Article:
The House Health & Welfare Committee has voted 8-4 in favor of bipartisan legislation to restore non-emergency dental coverage to Medicaid patients who lost it in cutbacks imposed in 2011. “Not only will we alleviate a lot of human suffering by doing this, but I think we’re going to save a lot of money by doing this,” said Rep. Ilana Rubel, D-Boise, who is sponsoring HB 465 with Reps. Kelley Packer, R-McCammon; Sue Chew, D-Boise; Christy Perry, R-Nampa; and Eric Redman, R-Athol. “I think this is a win-win all around,” Rubel said.
After the cuts were imposed in 2011, coverage was restored two years later to children and people with major disabilities, but not to others on Medicaid, largely very poor parents, many of whom have mental health issues. As a result, those patients are covered only for emergency extractions, and no other dental care. That’s led to increasing numbers of major infections and hospitalizations.
Representatives of numerous groups, from dentists to health advocates, spoke in favor of the bill.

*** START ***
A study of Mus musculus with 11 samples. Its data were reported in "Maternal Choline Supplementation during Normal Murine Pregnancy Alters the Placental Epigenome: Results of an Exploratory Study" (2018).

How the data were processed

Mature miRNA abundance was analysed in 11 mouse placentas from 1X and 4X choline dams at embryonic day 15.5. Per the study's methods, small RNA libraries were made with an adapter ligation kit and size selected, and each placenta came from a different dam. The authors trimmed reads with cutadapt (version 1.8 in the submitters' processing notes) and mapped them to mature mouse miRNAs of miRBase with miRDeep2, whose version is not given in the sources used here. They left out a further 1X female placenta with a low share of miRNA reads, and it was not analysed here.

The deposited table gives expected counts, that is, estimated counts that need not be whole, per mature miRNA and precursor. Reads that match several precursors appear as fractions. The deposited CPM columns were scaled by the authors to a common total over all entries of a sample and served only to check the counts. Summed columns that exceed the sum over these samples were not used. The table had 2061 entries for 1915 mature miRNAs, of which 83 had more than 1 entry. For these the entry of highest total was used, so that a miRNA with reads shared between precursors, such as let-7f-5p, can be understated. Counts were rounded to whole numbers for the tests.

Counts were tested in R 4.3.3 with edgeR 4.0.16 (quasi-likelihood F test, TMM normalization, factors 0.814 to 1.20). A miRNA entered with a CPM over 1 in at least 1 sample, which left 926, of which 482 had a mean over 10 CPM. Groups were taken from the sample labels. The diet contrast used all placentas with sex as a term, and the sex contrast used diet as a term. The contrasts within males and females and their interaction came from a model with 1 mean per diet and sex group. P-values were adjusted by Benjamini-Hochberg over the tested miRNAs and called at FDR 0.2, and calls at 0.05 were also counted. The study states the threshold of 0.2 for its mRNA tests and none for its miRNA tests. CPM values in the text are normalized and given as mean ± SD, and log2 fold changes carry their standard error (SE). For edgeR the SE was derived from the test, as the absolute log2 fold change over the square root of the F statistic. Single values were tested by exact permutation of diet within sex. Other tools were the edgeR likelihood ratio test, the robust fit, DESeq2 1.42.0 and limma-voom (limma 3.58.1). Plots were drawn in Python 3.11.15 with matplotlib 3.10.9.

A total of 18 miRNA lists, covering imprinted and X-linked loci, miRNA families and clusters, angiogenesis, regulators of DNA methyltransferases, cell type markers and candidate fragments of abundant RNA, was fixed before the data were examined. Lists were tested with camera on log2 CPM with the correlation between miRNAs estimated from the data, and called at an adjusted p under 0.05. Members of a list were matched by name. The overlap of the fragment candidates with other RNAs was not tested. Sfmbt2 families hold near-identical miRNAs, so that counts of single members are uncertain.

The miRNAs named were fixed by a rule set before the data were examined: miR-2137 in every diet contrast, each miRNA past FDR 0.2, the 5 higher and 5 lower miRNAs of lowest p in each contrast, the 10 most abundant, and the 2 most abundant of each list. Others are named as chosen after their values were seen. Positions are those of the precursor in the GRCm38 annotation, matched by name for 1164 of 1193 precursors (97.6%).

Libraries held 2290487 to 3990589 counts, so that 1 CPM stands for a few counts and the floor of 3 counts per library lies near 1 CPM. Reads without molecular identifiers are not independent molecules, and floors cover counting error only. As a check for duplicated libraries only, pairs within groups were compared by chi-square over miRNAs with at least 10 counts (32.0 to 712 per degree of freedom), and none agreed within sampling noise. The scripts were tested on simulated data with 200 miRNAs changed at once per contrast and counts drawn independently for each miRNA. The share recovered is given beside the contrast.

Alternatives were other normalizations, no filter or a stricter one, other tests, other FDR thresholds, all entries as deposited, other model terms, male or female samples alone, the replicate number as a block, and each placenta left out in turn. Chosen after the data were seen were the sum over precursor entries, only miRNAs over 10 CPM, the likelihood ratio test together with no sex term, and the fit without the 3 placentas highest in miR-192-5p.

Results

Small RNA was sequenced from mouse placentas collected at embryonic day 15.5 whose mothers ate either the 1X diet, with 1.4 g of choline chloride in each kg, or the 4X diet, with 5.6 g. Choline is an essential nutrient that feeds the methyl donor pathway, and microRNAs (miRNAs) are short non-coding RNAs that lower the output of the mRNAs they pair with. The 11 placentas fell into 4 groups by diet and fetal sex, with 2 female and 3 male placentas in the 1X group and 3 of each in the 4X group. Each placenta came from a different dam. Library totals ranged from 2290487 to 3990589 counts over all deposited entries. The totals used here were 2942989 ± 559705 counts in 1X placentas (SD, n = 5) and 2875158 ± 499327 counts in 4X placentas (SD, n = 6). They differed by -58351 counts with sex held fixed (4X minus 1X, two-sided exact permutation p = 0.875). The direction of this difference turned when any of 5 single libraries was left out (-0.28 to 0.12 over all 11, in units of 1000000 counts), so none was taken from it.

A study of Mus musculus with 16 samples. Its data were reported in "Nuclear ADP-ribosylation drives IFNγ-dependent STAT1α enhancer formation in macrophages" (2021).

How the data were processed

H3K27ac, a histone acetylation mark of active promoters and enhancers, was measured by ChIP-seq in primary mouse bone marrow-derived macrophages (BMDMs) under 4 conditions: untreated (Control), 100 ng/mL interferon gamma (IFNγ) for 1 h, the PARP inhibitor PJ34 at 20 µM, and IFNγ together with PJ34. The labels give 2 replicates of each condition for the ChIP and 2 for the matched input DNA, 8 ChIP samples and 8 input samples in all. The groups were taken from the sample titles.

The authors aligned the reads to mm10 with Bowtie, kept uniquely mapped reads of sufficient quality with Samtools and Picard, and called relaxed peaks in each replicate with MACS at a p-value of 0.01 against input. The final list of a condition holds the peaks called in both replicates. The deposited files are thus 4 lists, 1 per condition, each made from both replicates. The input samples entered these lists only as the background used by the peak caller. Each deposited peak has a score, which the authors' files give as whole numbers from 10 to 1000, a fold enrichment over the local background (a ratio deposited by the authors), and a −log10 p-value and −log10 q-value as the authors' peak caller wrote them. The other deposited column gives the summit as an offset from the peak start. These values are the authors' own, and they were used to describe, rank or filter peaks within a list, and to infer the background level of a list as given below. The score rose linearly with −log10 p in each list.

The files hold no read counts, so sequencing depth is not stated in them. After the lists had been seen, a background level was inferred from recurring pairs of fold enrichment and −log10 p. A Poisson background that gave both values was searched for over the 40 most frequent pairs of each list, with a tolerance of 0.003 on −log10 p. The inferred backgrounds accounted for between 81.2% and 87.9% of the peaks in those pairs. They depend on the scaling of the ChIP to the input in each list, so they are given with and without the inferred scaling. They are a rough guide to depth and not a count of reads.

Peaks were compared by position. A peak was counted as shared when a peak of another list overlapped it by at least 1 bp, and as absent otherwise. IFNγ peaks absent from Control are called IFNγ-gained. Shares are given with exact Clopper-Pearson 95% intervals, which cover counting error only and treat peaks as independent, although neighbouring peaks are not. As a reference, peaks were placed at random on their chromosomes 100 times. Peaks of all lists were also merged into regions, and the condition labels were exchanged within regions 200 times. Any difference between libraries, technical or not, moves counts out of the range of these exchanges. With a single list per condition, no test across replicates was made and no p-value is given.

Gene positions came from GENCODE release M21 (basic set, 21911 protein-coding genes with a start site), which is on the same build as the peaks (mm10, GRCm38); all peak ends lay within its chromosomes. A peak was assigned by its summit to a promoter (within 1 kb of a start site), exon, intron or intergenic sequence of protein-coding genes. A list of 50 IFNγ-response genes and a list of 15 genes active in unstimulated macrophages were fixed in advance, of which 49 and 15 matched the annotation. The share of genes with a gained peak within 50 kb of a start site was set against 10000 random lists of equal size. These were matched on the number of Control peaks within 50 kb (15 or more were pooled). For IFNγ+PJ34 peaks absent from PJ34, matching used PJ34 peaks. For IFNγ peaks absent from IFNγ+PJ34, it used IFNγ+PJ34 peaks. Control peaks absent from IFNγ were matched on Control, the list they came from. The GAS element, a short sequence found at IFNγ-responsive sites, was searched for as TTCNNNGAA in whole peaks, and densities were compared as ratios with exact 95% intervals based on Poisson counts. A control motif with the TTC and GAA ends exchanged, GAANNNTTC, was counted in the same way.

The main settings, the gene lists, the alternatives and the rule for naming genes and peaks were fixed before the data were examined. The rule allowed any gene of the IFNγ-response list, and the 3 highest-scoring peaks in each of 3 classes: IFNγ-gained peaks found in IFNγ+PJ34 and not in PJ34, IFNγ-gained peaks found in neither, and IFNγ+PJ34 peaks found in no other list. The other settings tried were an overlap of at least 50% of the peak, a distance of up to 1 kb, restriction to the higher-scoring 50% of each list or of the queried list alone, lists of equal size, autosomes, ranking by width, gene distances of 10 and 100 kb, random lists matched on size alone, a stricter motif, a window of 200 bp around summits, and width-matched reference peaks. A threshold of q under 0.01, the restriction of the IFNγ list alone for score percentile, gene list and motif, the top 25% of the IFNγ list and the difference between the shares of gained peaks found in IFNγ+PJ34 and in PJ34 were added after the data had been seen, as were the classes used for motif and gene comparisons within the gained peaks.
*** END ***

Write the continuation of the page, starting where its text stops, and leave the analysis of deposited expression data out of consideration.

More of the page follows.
Rep. Megan Blanksma, R-Hammett, said, “I really do feel for these people, and I see that it can be a cost benefit. My concern is that it’s $4.3 million, which is state and federal tax money, and it’s still our taxpayer money. I would like to see a zero-sum gain on this. Since we’re going to allocate money for this, that it needs to come from somewhere else that it is less needed. I see from the testimony that this is a good use of the funds, but we’re taking it from taxpayers and that’s really a big deal to me, hard-working people too who love our country, and we’re increasing our dependency on the federal government. So I will be voting no.”
Redman said, “I feel we’re actually saving taxpayers money, I don’t think we’re taking from them. I think the end result is we’re actually saving taxpayers money, so that’s why I’ll be voting yes.”
Rep. Fred Wood, R-Burley, the committee chairman, noted that he was here when the Legislature voted in 2010 to remove the benefit, and lawmakers were well aware that they were endangering the overall health of those who were denied it. “We did restore them two years later to the enhanced and the coordinated plan, but it still left a significant gap,” Wood said. “And it was with the best of intentions that the Legislature did say that we would look at that as soon as we recovered. Well, I think we’ve recovered now. The chair will be voting yes.”
The four “no” votes came from Blanksma and Reps. Hanks, VanderWoude and Zollinger. The bill now moves to the full House. To become law, it needs passage there and in the Senate and the governor’s signature.